Yes, we all love rabbits, but who knew what trouble they could get into when there's enough of them in one place?
This is the plight of Langley, Washington, a town on the coast of Whidbey Island that has recently come across quite the overpopulation problem.
The problem has especially hit the local school budget pretty hard, as rabbits burrowed so many holes into a middle school football field that it has been rendered unusable.
According to Brian Miller, facilities director of the South Whidbey School District:
"There is feces everywhere, and there are some illnesses that can be carried and transmitted. Every day there are new holes, and the ones we've filled in are dug out, again."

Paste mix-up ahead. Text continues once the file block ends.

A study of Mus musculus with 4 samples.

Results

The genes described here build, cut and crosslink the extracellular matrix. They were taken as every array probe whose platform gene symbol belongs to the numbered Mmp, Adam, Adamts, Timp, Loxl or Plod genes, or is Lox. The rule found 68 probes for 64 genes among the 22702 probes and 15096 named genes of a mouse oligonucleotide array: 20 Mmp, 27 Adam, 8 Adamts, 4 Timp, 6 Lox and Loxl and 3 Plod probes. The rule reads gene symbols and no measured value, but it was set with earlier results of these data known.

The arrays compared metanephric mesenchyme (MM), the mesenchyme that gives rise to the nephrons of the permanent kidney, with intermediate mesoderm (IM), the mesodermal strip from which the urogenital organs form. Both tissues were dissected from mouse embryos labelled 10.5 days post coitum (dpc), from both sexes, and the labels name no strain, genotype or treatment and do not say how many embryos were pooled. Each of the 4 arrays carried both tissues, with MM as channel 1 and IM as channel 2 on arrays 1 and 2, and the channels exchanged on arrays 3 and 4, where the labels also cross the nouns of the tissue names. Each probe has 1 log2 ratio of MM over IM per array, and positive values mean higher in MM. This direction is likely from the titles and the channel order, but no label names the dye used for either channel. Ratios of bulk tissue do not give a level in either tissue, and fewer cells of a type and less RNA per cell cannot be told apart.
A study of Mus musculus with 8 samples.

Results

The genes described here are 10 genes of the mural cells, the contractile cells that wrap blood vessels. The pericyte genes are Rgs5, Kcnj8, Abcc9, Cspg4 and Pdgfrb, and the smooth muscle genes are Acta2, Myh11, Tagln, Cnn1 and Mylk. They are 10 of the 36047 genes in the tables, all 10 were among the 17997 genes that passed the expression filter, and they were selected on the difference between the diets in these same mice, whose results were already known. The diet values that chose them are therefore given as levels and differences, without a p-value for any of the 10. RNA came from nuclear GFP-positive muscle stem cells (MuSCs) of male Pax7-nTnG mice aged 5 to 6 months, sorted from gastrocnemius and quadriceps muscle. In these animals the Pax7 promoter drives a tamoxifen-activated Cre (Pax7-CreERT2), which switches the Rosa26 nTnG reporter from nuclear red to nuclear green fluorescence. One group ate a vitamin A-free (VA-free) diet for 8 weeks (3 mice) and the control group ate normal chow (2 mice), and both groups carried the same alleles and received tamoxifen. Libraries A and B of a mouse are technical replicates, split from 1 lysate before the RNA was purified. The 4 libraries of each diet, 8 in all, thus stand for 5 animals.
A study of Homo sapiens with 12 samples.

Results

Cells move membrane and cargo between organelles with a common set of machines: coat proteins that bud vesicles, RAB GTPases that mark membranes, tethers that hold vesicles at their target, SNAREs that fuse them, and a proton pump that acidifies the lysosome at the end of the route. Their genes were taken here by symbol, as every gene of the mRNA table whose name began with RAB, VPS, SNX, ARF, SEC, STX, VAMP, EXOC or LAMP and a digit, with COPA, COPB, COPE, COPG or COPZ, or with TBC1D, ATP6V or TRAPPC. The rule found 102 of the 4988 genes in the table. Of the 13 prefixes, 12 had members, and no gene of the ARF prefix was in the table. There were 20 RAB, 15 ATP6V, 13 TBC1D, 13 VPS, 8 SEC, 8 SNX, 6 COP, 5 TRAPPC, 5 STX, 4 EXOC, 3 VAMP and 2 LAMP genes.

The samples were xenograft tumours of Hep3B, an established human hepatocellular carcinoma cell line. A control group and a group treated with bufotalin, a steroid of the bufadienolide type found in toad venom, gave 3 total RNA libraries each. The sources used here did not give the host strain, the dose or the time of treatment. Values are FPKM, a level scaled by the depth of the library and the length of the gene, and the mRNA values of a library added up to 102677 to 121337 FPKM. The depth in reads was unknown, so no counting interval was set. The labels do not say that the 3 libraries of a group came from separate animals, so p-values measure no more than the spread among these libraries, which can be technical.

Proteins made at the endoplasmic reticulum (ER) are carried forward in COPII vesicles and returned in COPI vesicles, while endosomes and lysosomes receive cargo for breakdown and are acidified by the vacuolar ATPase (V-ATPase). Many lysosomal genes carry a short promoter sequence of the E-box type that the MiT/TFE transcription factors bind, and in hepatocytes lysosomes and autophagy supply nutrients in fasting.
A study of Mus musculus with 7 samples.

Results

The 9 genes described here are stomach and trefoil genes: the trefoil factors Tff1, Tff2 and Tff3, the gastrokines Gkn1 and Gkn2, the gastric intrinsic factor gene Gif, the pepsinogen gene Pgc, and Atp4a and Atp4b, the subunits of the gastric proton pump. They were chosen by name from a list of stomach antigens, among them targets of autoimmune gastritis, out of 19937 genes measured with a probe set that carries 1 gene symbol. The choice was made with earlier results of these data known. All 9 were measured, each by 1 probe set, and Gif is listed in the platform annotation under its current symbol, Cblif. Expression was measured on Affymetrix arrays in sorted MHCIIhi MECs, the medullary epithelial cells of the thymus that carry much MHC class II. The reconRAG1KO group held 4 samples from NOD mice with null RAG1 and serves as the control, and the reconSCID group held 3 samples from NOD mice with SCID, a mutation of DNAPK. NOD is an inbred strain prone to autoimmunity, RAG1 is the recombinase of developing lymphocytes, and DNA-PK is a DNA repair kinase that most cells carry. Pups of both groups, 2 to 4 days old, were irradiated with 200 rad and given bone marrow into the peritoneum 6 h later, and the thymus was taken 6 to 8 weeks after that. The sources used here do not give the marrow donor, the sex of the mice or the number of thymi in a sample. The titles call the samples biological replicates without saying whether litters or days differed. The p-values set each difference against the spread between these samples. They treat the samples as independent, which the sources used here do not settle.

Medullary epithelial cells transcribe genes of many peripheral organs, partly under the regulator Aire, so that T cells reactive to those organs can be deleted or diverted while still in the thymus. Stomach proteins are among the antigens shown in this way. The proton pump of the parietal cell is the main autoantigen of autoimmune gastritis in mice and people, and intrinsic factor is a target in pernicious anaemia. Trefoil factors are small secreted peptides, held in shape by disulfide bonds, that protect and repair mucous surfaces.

Langley has always been known to have a particularly high population of wild rabbits. In fact, it is perhaps one of their largest tourism drawing points.
However, it has recently gotten to a point where the overpopulation is causing tremendous damage. Residents have complained of the rabbits digging up their gardens, pooping virtually everywhere there's grass, and creating nests all over their properties.
One resident even said he had over one hundred wild rabbits born on his property in the span of a year. (A self-service rabbit maternity ward, Langley. You has it.)
Mayor Fred McCarthy has heard his residents, and while he doesn't believe in eradicating the population entirely, he does think lessening the amount is an obviously good plan.
"I don't think we're going to get into the business of trapping and euthanizing rabbits. I don't think that would go over well in Langley. I'm not into killing animals for no reason."
Some solutions the city has considered is hiring a falconer to help increase the amount of the rabbit's natural predators in the community. They are also considering relocating some. The school district is also working to raise $60,000 for a protective fence.